You are invited to join Roald Rodseth on the Drive to achieve Peak performance
Having found a way through the sea of detail during Route 6, what matters now is how to develop an asset management program that will ensure that the machines and equipment in question are able to perform to Peak performance levels, for as long as possible and at the lowest possible cost.
Stages on the DRIVE to Peak
The answer lies in what is known as the Stages on the DRIVE to Peak. These stages describe how one can move a plant from a position of chaos to one of clockwork. They represent the fasted way of achieving Peak.
The stages are described in the following:
1. Forming. The first stage is related to the ability of the plant’s machinery to actually make (or form) the product and focuses the attention on the provision of critical spare parts.
2. De-forming. The next stage is related to product quality deviations which are as a result of machines deviating from the required specifications. As a result, the product is deformed, hence the name of the stage. The focus here is on measuring the machines condition with respect to its compliance with the requirements to make the product.
3. Breaking. Having established the ability of the plant to actually make the required product, the next issue becomes facing the reality that the level of breakdowns experienced on the plant is too high. The pressing issue now becomes the reduction of these breakdowns.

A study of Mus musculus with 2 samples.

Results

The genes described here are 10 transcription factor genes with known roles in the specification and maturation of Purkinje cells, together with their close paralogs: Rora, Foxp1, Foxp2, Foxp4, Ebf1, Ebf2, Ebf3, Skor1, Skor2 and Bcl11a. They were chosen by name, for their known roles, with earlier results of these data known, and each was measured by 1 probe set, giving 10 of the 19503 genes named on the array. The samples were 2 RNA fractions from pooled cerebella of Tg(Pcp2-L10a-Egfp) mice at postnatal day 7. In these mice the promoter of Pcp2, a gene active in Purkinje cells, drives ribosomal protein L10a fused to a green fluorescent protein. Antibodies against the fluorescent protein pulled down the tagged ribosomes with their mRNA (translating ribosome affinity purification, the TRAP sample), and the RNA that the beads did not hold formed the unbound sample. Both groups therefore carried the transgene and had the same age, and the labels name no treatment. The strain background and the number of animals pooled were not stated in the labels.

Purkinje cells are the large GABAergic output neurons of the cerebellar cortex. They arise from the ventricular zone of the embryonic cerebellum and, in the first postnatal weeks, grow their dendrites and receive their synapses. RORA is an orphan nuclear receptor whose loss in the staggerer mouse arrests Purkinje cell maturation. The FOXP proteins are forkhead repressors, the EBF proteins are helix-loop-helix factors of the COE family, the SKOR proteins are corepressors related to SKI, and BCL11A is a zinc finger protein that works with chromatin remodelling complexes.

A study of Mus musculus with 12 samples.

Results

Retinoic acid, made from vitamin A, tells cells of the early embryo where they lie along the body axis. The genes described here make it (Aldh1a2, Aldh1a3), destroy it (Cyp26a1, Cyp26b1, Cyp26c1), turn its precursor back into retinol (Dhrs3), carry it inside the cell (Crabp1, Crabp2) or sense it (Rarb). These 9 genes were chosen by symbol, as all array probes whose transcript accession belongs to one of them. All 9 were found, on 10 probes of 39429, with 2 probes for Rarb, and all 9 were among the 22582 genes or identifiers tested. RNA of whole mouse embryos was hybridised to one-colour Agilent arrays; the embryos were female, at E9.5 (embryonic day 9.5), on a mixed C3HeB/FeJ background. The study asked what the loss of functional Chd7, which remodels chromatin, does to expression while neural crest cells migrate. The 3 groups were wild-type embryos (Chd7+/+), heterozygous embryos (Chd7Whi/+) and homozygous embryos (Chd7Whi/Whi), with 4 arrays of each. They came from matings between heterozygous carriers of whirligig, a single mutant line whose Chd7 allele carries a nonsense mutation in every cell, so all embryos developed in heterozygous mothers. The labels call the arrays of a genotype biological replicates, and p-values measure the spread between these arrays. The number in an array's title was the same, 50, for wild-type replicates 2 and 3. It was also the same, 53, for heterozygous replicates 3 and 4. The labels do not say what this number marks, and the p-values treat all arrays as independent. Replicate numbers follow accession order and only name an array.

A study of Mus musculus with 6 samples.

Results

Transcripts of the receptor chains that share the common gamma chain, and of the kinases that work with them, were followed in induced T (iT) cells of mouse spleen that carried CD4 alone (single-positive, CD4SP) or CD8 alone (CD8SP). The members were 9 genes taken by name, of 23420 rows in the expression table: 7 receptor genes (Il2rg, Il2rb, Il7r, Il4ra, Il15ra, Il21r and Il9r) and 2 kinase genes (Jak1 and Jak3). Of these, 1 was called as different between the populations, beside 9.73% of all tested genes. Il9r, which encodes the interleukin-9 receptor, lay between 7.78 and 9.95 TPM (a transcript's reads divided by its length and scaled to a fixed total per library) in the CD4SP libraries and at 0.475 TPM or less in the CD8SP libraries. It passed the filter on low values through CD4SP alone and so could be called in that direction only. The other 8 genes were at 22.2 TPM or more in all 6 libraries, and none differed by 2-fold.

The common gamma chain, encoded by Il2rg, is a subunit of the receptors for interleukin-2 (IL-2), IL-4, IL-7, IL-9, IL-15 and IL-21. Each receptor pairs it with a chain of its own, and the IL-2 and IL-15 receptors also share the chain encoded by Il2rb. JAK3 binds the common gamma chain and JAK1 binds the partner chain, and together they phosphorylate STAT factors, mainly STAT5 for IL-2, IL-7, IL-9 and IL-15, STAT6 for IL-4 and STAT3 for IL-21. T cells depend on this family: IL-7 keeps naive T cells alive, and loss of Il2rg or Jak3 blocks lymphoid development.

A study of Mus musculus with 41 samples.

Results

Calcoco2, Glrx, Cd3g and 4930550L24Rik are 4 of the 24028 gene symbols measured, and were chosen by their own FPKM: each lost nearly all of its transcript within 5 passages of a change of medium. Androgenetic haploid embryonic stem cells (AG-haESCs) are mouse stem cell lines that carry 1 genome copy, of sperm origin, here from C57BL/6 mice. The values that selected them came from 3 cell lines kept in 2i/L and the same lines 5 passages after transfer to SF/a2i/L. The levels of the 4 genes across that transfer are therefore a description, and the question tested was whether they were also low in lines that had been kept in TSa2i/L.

4. Improving. Addressing the reduction of breakdowns naturally leads into the establishment of a systematic approach to plant improvement and this is the focus of this stage.
5. Preventing. The next level of sustained performance can only be achieved by a focussed drive to establish a meaningful preventive maintenance program and this is done during this stage.
6. Knowing. At this point in the development of the plant, it is no longer intuitively clear where to focus the attention in order to improve further. The establishment of an effective performance measurement system becomes the focus of this stage.
7. Competing. In order to establish the business as a serious competitor, it will be necessary to move to a new level of sophistication with a focussed drive to become a lean operator.
8. Leading. In order to become a leader in the field, even higher levels of sophistication across the board will have to be achieved. Optimisation for efficiency and effectiveness are hallmarks of this stage.
Safety is of overriding concern and in reality is Stage 0. Safety issues need to be dealt with before any Stages are considered.
The Stages on the DRIVE to Peak form a framework for developing the optimum asset management programme for plant, machines and equipment. These are in effect a series of questions that need to be asked and answered for each item in question. The outcome of this process is a comprehensive assessment of the asset management needs of the machine in question. This is known as the asset management Demand.
The final stage
Next time the final Route will be addressed.
Roald Rodseth is Managing Director, Radiant Operations International (Pty) Ltd in conjunction with DesSoft.